Counting down to the Game Developers Conference, we’ll be highlighting one game a day powered by Joyent technology. Partly for an excuse to play games at work, sure, but also because our customers have developed some really fun, cool titles!
With nearly 6 million active monthly users, Kingdoms of Camelot from Kabam is one of the most popular Facebook games out there. And well over 100,000 of those players took the time to review the game, leaving with an average rating of 4.7 out of 5. In fact, players love it so much, it won the IGN Reader's Choice Award for Best Facebook Game of 2010.
It's one of the richest gameplay experiences available on Facebook, with all the depth of popular PC games like Age of Empires. Except what Kingdoms offers that older PC games couldn't is a rich social experience -- with such a large number of players, chances are a friend or three is already playing.
At least, that was my experience when I signed up as Lord MisterBelvedere, ruler of all the lands of Beaver Falls. For instance, it helps to knight a friend to help you defend your fiefdom, assist with research, or otherwise boost your might in the game -- and friends who are already playing make for more powerful knights. Further, you can create alliances with friends or any other player that will help you speed up improvements to your land and cities and protect your corner of the realm.
The way you improve your status is by harvesting resources in order to build more and better buildings, such as an a Alchemy Lab for researching technologies that unlock further improvements and better troops or a Barracks for training soldiers to build your army for both defense of your holdings and conquest of wilderness. While it lacks the real-time strategy element, anyone familiar with the resource-gathering and building mechanics of the aforementioned Age of Empires or even Starcraft should feel right at home.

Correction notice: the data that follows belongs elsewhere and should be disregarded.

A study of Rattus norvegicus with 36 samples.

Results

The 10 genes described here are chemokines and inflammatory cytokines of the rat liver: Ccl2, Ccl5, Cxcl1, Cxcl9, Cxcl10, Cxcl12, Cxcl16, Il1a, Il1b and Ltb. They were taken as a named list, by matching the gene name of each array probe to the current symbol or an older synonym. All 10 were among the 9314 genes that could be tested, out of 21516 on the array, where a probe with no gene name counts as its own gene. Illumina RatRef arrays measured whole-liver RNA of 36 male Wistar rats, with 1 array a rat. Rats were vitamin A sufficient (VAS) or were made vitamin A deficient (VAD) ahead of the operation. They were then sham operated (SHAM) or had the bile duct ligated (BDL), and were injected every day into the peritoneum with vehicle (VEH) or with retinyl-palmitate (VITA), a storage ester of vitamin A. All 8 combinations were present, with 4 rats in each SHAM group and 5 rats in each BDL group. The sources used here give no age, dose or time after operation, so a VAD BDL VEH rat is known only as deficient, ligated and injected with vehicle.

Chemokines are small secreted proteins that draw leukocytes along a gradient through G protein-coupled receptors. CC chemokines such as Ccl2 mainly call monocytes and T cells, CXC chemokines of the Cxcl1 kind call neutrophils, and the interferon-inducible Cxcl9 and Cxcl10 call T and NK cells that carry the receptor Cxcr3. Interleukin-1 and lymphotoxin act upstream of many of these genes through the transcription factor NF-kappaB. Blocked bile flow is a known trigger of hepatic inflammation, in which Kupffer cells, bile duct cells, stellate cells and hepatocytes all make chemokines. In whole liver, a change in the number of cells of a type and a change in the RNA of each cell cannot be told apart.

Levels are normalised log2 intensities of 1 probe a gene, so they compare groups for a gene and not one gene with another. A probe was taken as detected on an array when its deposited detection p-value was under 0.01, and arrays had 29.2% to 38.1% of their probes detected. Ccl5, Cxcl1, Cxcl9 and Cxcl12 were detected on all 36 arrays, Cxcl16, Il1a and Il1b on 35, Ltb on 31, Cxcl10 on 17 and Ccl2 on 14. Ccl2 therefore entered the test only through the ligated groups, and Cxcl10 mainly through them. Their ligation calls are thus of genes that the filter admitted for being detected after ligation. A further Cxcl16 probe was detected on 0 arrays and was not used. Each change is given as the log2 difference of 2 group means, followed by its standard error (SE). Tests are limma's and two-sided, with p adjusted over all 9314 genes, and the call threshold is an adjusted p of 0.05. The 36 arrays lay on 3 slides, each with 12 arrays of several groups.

Time is one of the key game concepts. Everything comes with a cost of time, from building new buildings and troops to researching technologies and making improvements. But that doesn't mean you have to play for hours -- instead, it makes it easy to check in for a few minutes at a time over the course of the day in between getting actual work done, and in around two or three days of casual play I had already progressed to level six. And thanks to a Quests system that rewards basic early achievements with resources, it's unlikely you'll run short of anything you need while building up your first city.
Of course, if hanging out at the round table isn't your thing, you can explore a magical, vanished isle in Dragons of Atlantis or try to clean up after the reign of mad Nero in Glory of Rome. So whatever flavor of historical fantasy you want to play out, Kabam should have you covered!